Stories of beauties and legends such as the Moon Goddess were part of Chinese literature and history for over four thousand years. It was only after World War II that the concept of a public judging and acclamation of grace, beauty and talent of the celestial maidens became an official event. Perhaps returning Chinese-American GI’s, with a habit of looking at pin-ups, initially thought it was a good idea. In 1948, a Chinese organization, at a July 4th picnic, had a “Miss Chinatown” bathing beauty contest. This continued through 1952.
The Chinese Chamber of Commerce in 1953 decided to combine this contest in conjunction with the Chinese New Year Festival. The first “Miss Chinatown”, in the year 1953, was Miss Pat Kan, daughter of gourmet restaurateur Johnny Kan. Her first publicity photo, used by wire services internationally, showed her not wearing a traditional cheong-sam, but a string of firecrackers. From 1953 through 1957 the title was bestowed only on San Francisco young women, since it was a local competition.
In 1958, the Chinese New Year Festival was becoming a popular annual event enjoyed by local San Franciscans and visitors from many parts of the country. The Chinese Chamber of Commerce took a bold step in converting the local contest to a national contest where young women from all over the country would be able to compete.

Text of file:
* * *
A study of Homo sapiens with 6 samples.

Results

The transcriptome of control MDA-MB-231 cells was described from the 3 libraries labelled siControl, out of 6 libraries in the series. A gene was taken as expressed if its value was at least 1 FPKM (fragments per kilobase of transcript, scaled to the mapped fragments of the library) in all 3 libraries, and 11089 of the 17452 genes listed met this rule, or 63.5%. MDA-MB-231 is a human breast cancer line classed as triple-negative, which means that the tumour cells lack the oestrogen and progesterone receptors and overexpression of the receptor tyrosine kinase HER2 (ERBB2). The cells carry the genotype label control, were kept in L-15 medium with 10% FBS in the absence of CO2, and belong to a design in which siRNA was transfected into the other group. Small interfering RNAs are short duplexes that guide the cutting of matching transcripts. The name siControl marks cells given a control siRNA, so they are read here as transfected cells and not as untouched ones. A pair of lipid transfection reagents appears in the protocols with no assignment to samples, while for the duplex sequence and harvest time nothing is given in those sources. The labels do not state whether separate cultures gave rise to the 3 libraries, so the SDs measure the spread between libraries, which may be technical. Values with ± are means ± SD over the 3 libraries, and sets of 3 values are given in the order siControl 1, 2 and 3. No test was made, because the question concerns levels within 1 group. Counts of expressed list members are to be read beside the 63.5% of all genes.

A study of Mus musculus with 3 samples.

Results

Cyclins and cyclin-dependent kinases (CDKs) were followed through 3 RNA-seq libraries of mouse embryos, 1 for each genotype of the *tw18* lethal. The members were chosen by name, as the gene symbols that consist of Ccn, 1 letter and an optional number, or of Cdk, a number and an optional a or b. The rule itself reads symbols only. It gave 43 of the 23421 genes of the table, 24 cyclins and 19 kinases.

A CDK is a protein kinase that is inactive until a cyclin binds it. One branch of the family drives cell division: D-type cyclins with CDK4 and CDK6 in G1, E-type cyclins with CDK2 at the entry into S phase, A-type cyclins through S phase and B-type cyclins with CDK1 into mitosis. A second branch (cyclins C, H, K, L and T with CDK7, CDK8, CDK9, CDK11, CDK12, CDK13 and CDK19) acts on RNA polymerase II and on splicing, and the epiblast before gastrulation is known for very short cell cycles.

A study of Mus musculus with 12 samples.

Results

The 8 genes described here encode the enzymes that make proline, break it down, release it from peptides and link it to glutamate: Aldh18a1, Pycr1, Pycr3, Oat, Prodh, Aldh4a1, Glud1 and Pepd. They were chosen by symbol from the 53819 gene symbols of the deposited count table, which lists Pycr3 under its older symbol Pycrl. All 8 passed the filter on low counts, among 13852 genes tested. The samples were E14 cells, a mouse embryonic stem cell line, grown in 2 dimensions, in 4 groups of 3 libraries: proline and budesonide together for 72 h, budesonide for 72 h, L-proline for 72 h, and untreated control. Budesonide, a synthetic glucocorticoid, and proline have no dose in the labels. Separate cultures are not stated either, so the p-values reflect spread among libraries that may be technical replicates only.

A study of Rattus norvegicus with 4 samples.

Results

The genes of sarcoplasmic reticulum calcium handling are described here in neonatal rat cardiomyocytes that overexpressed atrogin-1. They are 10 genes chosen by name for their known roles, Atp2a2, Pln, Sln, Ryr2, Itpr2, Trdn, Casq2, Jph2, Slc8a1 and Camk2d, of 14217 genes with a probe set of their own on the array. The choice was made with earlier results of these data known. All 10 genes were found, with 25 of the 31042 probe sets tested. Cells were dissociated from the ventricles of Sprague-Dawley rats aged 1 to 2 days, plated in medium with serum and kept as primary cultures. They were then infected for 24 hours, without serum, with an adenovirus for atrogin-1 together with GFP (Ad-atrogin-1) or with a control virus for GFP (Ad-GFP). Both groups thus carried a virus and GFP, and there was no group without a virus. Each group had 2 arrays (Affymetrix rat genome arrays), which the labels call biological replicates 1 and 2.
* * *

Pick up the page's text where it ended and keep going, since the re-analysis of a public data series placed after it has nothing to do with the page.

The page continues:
In 1958, it became the “Miss Chinatown, U.S.A. Pageant” and the first crown holder was June Gong from Miami, Fla. The pageant, patterned somewhat along the lines of the “Miss America” pageant, is a combined beauty-talent-fashion and quiz show. In the first competition, held in a Chinese theater, beauty suits were taboo. In the talent contest, one may see the contestants performing Chinese folk-dances, the latest American steps, singing, or playing musical instruments.
The search for contestants is initiated each fall by the Chinese Chamber of Commerce. Chinese organizations, business groups and colleges are invited to send in their entrants. Many cities send their own contest winner to San Francisco to compete. Once the entry is accepted, a sponsor helps defray some of the expenses.
Now, 60 years later the beautiful, talented and bright young women from throughout the United States are still coming to San Francisco during Chinese New Year to compete for scholarships and prizes in the annual Miss Chinatown USA Pageant. This year’s winners will become goodwill ambassadors for the Chinese community throughout the new lunar year.